Does consciousness choose?

Q. Is it accurate to say that consciousness chooses? I can find reference to consciousness doing other things like engaging, responding, distorting, and inducing, but not choosing. I suppose one could deduce from all those verbs that it does choose.

A. The word “consciousness” in the Course is usually used to denote the conscious level of the mind, as distinct from the unconscious. Here are two key passages from Helen’s original handwritten dictation (which it looks like you have consulted, too):

Consciousness is the level which engages in the world, and is capable of responding both to external and internal impulses. Having no impulses from itself and being primarily a mechanism for inducing response, it can be very wrong.

Revelation unites Souls directly with God. The miracle unites Souls directly with each other. Neither emanates from consciousness, but both are experienced there. This is essential, because consciousness is the state which produces action, though it does not inspire it.

These passages do imply, as you suggest, that consciousness chooses, by talking about it “responding” and saying it “produces action.” However, I think it’s slightly more accurate to say that we are choosing and that those choices take place within our conscious minds. But either way, it’s basically the same thing.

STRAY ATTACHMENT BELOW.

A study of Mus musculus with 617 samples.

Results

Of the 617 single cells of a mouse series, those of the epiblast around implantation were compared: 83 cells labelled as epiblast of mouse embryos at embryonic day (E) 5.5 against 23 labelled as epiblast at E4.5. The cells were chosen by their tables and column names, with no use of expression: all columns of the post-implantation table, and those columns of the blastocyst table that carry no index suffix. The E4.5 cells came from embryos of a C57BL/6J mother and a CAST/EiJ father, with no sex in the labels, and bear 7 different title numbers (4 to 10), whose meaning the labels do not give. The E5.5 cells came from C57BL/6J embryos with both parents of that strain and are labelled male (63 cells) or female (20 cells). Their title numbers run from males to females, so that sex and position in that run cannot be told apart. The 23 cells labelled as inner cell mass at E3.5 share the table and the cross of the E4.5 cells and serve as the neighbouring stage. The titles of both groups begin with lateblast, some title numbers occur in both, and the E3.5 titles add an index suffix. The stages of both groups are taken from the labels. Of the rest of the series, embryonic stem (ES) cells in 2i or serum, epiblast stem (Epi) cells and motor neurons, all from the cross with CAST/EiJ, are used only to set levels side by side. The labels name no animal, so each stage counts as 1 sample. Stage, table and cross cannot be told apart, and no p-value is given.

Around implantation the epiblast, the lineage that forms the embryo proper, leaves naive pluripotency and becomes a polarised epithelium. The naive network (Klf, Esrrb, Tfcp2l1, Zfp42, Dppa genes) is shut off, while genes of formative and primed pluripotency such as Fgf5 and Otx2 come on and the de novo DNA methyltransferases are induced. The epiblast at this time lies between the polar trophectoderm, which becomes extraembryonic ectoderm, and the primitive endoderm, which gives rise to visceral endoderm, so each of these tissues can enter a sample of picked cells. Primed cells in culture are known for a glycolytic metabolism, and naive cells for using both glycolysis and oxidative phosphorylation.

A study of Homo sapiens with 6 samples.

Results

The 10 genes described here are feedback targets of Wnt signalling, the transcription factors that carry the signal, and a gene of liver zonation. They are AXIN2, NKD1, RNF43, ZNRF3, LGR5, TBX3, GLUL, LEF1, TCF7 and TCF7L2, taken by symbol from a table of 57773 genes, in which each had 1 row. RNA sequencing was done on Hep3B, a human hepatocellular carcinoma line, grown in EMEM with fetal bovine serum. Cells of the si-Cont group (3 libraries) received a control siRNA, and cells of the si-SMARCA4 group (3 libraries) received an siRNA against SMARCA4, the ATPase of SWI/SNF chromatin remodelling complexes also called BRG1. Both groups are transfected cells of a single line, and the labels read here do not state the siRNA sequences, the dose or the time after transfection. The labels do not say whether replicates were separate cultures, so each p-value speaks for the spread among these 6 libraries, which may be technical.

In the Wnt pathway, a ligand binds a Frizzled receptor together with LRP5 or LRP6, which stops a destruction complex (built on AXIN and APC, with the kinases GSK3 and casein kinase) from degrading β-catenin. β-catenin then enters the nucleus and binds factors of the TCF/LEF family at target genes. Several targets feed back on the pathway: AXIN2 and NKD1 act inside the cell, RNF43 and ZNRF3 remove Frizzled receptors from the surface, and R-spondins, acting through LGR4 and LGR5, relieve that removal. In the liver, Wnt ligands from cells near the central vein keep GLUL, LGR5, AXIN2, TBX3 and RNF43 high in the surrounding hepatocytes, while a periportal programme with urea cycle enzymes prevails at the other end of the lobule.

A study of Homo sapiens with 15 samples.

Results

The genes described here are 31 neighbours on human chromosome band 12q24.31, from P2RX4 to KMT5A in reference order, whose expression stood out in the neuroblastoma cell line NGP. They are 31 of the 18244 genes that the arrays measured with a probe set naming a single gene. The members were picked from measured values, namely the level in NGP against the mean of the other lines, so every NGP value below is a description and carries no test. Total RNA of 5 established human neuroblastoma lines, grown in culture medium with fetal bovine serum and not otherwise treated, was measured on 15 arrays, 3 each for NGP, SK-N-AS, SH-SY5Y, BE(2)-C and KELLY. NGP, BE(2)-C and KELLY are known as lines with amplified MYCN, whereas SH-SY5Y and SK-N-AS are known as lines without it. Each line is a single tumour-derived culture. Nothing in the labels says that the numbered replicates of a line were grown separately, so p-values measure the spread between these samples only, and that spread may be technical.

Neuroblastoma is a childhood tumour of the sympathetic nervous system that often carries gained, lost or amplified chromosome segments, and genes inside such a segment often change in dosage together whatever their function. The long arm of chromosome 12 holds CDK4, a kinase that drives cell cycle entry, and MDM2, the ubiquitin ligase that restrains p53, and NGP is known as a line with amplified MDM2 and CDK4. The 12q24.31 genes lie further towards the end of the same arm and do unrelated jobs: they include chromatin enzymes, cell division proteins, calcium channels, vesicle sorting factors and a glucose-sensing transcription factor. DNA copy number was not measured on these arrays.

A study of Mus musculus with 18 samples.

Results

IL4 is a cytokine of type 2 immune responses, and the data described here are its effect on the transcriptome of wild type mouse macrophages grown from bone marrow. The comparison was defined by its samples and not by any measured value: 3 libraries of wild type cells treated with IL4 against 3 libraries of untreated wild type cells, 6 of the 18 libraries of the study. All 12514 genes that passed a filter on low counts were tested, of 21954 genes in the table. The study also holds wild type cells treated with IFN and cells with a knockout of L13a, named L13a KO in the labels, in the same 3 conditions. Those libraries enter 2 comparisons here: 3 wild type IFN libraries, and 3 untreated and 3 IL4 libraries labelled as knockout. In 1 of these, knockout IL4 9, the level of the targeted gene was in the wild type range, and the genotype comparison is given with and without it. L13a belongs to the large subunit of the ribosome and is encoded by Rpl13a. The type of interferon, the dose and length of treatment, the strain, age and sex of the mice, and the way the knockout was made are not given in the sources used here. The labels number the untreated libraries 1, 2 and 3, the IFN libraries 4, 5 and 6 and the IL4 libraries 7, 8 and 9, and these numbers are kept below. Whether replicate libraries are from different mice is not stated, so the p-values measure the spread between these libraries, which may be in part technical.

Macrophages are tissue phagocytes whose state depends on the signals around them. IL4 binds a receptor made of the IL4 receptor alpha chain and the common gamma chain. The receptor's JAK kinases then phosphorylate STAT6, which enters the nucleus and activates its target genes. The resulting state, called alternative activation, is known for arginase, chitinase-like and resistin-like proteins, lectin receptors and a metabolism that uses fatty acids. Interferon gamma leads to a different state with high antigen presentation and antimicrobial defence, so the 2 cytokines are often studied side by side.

The big picture is something like this: The conscious level of the mind is where experience takes place and where choice takes place. On the conscious level, we experience a constant and varied stream of impulses flowing into our minds, impulses to act, to express, to go in one direction or another. And we then have to choose which of these impulses we actually go with.

The impulses themselves, however, come from outside the conscious mind. The impulse for sexual gratification comes from the ego-based level of the unconscious, which the Course describes as just beneath the conscious level. The impulse to give a miracle to another comes from the Holy Spirit-based level of the unconscious, which the Course describes as being even deeper. The impulse to join with God comes from the superconscious, which lies above the conscious mind.

On the conscious level, then, we do not produce these impulses. On that level, all we do is choose what to do with them. We can say yes and let them through. We can say no and refuse to act on them. Or we can reinterpret them—we can call on Jesus, for instance, to help us convert a sexual impulse back into the miracle impulse it was a distortion of. That choice of what to do is pivotal, for the unconscious does not initiate novel action. It is merely the repository of past choices. It is programmed by the conscious mind, by what the conscious mind elects to do.

From my perspective, then, the punch line is this: Don’t feel bad about the impulses that come into your mind; they are just the pre-programmed result of all your past choices. But do concern yourself with the choices you make in regard to those impulses. What you do with them—whether it’s saying yes, saying no, or reinterpreting them—is the source of your future.